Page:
Oct. 18th, 2014
Congress Hall at Nazi Rally Grounds in Nuremberg/Germany
Nazi Rally Grounds. Nuremberg is widely known for its Christkindlesmarkt, but it also has many sights which are worth visiting such as the impressive Imperial Castle, medieval St. Lorenz Church or the Toy Museum. But Nuremberg once was “Stadt der Reichsparteitage” (City of The Party Rallies) – a fact which was not easy for the town to deal with … until they decided to use part of the monumental Congress Hall for the museum and documentation center which opened in 2001. The “Dokumentationszentrum Reichsparteitagsgelände” soon made it to No. 1 on TripAdvisor. To start with the review first – the documentation center is very well done – and even if you are interested in World War II only a little bit, you may consider a visit. Definitely, if you are already in Nuremberg or traveling along the Romantic Road (Nuremberg is just about an hour from Rothenburg ob der Tauber). This day trip is part of the 8-DAY HISTORY RAIL TOUR: “FASCINATION AND TERROR” – RISE AND FALL OF THE THIRD REICH.
How to get there
If you are traveling by car, there is plenty of parking available on the former Rally Grounds which are 1.5 mi south of the Old Town. If you arrive by train at Nuremberg Central Station a tram (tram number 9) departs from just outside the station and takes you directly to the entrance of the Documentation Center Nazi Rally Grounds which is located in the Congress Hall. There are signs pointing to the tram station saying “Doku-Zentrum”. One way fare is € 2.50 (a little more than US-$3) and you may also consider purchasing the day pass for unlimited free travel on the Nuremberg public transportation system which is € 5.30 (single ticket) or € 9.10 (for two adults)
The Documentation Center
The entrance to the Documentation Center has a contemporary design which is quite different from the monumental design of the Congress Hall itself. It is located right at the tram station when you exit to your right.
The entrance fee is € 5.00 per person and the fee already includes an audio guide which is available in English and in six other languages. For € 7.50 you may purchase a day pass museum ticket instead which makes sense if you plan to visit at least one additional museum in Nuremberg that day. There are lockers available which you may use free of charge. Also you find a cafeteria in the foyer of the Documentation Centre, where you can sit down for drinks and snacks.
Fascination and Terror
Its permanent exhibition “Faszination und Gewalt” (Fascination and Terror) is concerned with the causes, connections, and consequences of the Nazi movement in Germany. It is structured in a chronological order and first shows the fascination, extensively managed with means of modern marketing and media. The visitor will learn how the Nazis celebrated their movement in an “almost obscene fashion, presenting an appealing but false picture of their regime to the world” (as the documentation center states on their website).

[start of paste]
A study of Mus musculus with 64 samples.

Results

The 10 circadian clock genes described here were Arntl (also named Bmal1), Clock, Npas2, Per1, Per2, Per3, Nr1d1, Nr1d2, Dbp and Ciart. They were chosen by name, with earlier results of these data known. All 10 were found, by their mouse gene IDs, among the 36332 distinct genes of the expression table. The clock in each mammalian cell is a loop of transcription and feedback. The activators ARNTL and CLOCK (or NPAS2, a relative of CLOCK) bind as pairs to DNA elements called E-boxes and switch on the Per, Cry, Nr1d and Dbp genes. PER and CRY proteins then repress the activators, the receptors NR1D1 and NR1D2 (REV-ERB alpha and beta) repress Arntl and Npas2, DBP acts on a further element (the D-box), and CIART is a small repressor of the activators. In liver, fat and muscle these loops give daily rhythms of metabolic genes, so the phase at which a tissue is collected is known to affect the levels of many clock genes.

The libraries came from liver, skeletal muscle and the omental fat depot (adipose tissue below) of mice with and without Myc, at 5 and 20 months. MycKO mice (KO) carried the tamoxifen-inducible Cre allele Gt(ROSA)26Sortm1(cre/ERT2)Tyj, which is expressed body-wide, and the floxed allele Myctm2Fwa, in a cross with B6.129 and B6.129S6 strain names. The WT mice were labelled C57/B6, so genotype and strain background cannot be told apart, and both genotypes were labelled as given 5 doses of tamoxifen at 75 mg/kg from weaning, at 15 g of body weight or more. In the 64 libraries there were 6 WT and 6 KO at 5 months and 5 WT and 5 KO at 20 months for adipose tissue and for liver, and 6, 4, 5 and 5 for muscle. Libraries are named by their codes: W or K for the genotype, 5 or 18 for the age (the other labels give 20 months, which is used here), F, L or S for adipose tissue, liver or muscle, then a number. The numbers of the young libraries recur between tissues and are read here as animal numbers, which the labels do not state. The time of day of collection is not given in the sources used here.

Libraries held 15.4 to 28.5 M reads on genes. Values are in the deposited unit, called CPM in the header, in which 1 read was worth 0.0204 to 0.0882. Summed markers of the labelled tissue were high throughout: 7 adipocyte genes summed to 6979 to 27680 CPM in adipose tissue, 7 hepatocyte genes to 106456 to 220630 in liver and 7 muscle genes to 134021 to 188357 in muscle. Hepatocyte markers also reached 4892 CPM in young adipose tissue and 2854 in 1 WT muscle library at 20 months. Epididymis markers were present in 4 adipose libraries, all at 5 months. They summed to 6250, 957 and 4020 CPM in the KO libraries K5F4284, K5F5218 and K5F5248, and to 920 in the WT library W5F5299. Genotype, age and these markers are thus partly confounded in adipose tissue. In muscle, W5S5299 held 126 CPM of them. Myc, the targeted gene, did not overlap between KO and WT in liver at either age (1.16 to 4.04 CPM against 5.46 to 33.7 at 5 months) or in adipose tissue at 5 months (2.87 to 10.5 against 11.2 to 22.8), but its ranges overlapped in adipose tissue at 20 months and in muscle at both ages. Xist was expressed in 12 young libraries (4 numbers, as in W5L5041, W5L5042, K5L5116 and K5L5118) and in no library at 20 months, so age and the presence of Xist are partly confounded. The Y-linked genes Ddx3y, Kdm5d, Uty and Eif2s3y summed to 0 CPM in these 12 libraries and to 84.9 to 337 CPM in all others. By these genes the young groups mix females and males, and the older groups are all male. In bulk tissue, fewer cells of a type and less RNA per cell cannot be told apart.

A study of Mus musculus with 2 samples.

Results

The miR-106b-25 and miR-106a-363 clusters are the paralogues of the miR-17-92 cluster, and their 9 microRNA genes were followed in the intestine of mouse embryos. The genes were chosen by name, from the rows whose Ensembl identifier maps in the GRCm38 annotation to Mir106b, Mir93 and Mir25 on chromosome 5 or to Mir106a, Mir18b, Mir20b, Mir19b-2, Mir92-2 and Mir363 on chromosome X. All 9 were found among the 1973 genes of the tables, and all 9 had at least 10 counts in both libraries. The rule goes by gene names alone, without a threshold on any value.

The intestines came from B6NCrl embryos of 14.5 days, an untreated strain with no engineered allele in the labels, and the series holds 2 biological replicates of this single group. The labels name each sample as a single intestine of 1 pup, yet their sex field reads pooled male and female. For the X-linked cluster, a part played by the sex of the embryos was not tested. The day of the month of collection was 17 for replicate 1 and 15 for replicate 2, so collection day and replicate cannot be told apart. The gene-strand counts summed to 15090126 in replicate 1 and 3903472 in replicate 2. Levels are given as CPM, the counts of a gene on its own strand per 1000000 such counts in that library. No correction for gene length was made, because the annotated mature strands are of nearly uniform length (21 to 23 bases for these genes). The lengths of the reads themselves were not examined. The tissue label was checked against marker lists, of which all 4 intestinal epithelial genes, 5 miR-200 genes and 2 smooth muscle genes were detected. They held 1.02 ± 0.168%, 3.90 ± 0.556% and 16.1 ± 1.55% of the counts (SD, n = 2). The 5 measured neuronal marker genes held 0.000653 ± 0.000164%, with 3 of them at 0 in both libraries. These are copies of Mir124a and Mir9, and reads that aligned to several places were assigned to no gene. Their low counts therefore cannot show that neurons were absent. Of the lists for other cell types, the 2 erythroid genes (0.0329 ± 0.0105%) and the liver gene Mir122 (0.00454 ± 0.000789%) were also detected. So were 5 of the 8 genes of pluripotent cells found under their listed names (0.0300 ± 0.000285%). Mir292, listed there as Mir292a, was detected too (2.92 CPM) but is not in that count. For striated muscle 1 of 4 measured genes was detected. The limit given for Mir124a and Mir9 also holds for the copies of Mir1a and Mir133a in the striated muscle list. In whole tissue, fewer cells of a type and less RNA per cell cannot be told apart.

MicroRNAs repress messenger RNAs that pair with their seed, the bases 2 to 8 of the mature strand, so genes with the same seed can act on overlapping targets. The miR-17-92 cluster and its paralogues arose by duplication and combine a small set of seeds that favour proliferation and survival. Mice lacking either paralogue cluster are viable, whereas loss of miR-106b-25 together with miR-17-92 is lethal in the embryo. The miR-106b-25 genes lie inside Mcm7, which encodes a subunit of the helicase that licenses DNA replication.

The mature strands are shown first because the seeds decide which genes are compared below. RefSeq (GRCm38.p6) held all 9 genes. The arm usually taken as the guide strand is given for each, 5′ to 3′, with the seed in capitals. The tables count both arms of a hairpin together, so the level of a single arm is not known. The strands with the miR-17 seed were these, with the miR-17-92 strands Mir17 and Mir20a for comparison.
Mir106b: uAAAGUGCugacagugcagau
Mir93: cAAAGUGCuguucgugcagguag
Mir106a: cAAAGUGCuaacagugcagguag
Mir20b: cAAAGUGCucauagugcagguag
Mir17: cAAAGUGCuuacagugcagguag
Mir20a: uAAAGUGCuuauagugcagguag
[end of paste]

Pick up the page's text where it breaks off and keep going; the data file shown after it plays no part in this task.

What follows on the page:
The museum also shows the personality cult around the “Führer” (leader) and how Hitler managed to become the undisputed leader. Fascination was created and fear was seeded. The exhibition then shows how critics and political opponents very fast became enemies to the “Volksgemeinschaft” (people’s community) and how they were eliminated by detaining them into the first Konzentrationslager (concentration camp) in Dachau, which was opened only a few months after Adolf Hitler became Reichskanzler (Chancellor).
Many films are shown in the exhibition and you probably need a total of about two to two and a half hours for your visit. This amount of time is needed for the documentation center itself – not for a visit to the Rally Grounds.
Nazi Rally Grounds
If you have the time (and the weather is nice) you may want to visit the enormous Rally Grounds by foot. There is no specific walking path but along the way, you will find several information boards with background information.
When you exit the Documentation Center to your left and walk along the lake “Grosser Dutzendteich” (the Congress Hall will be on your right) you will get to the “Grosse Strasse” (Great Road). The road is made out of granite, almost 1.2 mi long, and is leading towards the Imperial Castle to symbolize the connection to medieval times the Nazis saw themselves in.
Make a left on the great road and follow the street until you pass the end of the lake and make a left towards the Zeppelinfield. The large Grandstand with a width of 390 yards is the work of Adolf Hitler’s favorite architect Albert Speer. Speer was inspired by the Pergamon Altar when he planned it. On top of the Grandstand was a large “Hakenkreuz” (Swastika) which was blown away by the Americans in 1945.
From the Zeppelinfield you can walk north towards the lake again and back to the tram station. You will pass the popular beer garden Gutmann am Dutzendteich along the way. Nowadays the former Nazi Rally Grounds is used as a recreation area for the residents of Nuremberg.